Friday 31 January 2020


And my PIP form is in! After a couple of weeks of pretty intense activity. To be honest it went in the post last week. But y'know. REAL LIFE.

In the first instance we relied on the same sources as previously - the Benefit Advice Essentials Facebook group and our contact from our local Unemployed Workers Centre. All signs seemed to point towards approaching the form as if it was an entirely new application.

Yes, I've gone through the application process before. And yes I can do it again. But it's no one's idea of a good time, especially when you have to fit it in with your workload, hospital appointments, etc. And the thought of the amount of time it would take was beginning to stress me out.

Now several months ago I had to fill in a Work Capability Assessment form for Universal Credit. Around this time, I was chatting to a young woman in the infusion ward about the many hoops that we had to jump through to get the support we were entitled to. She mentioned that there was someone based at the Nottingham Citizens Advice Bureau whose time was paid for (at least part of the week) by the MS Society.

I never contacted him at the time and it turned out that I got the result I needed off my own back.

But for some reason I never deleted his contact details from my phone. So I arranged to go in and see him to talk about my PIP application.

Although I was outside of his geographical area, he said that he could use his own judgment. And the MS Society would prefer him to use his time to support people with MS wherever possible.

He also said that I should bring my form with the evidence I'd gathered so we could fill it in together.

In our meeting he talked for the first hour about everything from council tax reductions to Universal Credit to aids and adaptations, before we even got onto the subject of PIP.

Same as we did for my last application, he approached the form by looking towards a tribunal, getting it as watertight as possible at this early stage.

I should say that he has had a lot of experience filling in (and appealing) PIP applications. He even said that he was involved with the design of the PIP form. The thing about the reapplication form, the boxes are pretty small. So this guy basically scored through the questions that I wouldn't be answering and used the available space to get as much information down as possible.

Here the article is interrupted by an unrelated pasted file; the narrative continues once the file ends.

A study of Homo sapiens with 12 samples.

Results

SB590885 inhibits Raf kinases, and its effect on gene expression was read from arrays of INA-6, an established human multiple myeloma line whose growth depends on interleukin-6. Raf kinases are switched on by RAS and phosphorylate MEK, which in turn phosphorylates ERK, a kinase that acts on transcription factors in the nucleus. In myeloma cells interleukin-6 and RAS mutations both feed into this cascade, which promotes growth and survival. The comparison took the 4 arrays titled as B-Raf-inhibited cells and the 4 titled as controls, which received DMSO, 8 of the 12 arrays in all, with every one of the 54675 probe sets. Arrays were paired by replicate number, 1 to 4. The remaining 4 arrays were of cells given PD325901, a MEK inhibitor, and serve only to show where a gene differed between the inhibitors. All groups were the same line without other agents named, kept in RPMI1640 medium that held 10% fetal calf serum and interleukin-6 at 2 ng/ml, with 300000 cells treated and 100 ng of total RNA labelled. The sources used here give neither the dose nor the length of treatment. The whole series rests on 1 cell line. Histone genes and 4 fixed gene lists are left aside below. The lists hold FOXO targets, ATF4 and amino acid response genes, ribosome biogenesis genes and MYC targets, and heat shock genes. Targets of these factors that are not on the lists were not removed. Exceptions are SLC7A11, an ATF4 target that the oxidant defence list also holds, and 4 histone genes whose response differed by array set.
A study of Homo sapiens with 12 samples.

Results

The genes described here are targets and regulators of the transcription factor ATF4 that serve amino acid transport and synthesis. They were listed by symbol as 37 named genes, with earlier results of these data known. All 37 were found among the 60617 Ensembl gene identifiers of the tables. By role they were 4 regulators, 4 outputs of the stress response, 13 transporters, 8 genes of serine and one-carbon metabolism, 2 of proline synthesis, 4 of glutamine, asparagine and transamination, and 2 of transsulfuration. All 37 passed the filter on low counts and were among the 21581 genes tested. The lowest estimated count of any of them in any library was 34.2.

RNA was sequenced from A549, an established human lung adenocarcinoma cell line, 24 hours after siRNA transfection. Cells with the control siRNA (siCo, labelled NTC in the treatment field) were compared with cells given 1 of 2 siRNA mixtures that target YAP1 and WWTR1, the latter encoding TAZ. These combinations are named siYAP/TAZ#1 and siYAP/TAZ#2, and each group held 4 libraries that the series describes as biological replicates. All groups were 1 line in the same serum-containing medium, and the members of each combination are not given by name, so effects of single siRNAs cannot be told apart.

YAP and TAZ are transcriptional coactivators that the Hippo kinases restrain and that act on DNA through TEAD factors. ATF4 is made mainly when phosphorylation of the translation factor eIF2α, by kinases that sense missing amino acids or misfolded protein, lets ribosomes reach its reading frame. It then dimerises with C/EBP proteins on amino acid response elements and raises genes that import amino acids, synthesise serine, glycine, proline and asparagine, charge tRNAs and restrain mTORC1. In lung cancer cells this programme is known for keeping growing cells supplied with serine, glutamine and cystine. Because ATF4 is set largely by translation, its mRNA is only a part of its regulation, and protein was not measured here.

I mean, who would even think to do that if they were filling in the form on their own?!

He also advised against the prevailing wisdom that this form should be filled in as if you're writing about your worst days. His argument was that, if you fill a form in saying that [for example] you can't get out of bed due to back pain, and then you turn up a tribunal, it immediately puts the rest of your form under scrutiny.

As well as all of this, he said that the fact I was in a relapse during my first assessment (and I then referenced it in my second application) probably wasn't as helpful as we first assumed. The assessor would judge it on a 3 months back, 8 months forwards basis. By that logic they can assume that I'll make a complete recovery and make a judgement accordingly. Interesting!

After going through all the sections and double checking that I was happy with what he'd written, he said that I could take the form home to send it when I got the last bit of evidence I was waiting for. Or he could send it for me as it stood, with additional evidence (a letter from my neuro) to follow.

Obviously I bit his hand off! And the relief was unbelievable.

So now we wait. Again.

Good luck as always to anybody else going through similar trials and tribulations.